Review by Sean Boelman
Julia Child is one of the most well-known television chefs there is, and so it’s no wonder that there have been several projects made chronicling her life. The new series Julia is pretty standard biopic material, but it is so convincingly performed and charmingly written that it is hard not to love.
Interestingly enough, the series picks up at a place where Child is already successful from her cookbook, but is not yet a global sensation because she has not yet made The French Chef. This series follows the production of the first season of her iconic cooking show, and blends behind-the-scenes showbiz drama with the social angle of things.
The storytelling here is definitely very condensed. The writers manage to capture the making of an entire season of the cooking show in a mere eight episodes, but in doing so, they effectively capture the hectic feeling that defined this production. Add in all of the subplots, and it’s an altogether riveting series.
There are some interesting themes discussed in the series, but more often than not, these feel like an afterthought. There is one arc that does a fabulous job of exploring the role of feminism in a story like Child’s, but other subplots are entirely underdeveloped, like one following the Black producer on The French Chef.
Child is obviously a very likable figure, and many people have said that she is as approachable off the screen as she is on screen, but that doesn’t always translate into a compelling character arc. She’s almost too perfect in how she’s presented, and while this was always going to be a bit fluffy, it’s a tad overboard.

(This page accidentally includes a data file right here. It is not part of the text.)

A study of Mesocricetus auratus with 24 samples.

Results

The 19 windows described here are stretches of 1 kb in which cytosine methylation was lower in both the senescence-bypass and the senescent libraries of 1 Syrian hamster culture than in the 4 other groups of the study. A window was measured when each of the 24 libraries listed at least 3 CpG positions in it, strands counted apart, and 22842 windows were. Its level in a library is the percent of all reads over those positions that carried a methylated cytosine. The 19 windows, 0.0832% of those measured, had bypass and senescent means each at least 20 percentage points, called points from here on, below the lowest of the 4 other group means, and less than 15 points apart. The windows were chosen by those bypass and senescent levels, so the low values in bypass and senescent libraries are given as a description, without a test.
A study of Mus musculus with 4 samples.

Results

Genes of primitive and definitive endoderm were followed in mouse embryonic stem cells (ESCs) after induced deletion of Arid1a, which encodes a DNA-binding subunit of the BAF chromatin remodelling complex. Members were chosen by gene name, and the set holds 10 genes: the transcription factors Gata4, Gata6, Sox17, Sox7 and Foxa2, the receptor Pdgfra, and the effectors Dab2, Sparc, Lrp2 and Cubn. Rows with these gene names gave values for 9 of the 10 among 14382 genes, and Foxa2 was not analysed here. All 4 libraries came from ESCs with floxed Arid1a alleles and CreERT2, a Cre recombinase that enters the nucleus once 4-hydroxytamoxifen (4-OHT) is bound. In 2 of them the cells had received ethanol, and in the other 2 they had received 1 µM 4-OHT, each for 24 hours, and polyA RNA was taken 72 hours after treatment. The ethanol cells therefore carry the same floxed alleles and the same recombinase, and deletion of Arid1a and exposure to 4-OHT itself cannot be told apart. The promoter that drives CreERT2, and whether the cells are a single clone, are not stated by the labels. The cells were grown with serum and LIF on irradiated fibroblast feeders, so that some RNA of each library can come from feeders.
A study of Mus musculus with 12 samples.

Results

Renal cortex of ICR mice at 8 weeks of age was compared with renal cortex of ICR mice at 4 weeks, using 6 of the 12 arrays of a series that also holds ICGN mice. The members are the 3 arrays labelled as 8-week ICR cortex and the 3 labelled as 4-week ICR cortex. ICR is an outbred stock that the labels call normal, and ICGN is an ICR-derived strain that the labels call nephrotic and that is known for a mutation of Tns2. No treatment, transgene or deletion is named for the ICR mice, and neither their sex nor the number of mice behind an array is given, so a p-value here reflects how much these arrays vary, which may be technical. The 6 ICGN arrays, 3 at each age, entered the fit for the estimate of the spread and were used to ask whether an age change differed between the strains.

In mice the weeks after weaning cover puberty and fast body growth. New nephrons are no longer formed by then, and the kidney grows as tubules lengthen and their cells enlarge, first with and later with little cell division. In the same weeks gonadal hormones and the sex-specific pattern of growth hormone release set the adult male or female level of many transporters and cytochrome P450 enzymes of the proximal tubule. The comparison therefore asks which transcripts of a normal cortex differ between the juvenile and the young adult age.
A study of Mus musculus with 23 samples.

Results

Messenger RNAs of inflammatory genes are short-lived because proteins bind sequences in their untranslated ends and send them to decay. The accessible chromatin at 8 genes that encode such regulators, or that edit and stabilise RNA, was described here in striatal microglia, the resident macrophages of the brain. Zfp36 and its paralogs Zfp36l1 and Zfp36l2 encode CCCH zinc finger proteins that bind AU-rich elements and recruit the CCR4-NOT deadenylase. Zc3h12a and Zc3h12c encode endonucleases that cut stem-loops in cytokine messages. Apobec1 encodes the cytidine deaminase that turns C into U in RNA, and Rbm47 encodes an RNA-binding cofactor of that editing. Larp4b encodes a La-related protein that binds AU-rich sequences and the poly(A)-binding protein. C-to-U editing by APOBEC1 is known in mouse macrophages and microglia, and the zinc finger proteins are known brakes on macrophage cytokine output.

Sarah Lancanshire gives a very good performance in the leading role. Unlike previous takes on the iconic chef, it’s much more nuanced, with many layers of emotion within it. There’s also a fabulous supporting cast, including Fran Kranz, Brittany Bradford, and David Hyde Pierce, all of whom play people who supported her along her journey.
The series does a great job of emulating this era of television. Although the carbon-copy recreations of The French Chef are minimal, the show does a great job of showing the pieces that went into creating the look. It’s strongly crafted all around, even if it isn’t particularly flashy with what it does.
Julia is the type of prestige project that will absolutely be eaten up by older audiences. It’s a cute little show, and while it may not quite do justice to its potentially weighty themes, it’s a pretty delightful watch.
Julia debuts on HBO Max on March 31, with new episodes streaming subsequent Thursdays. All eight episodes reviewed.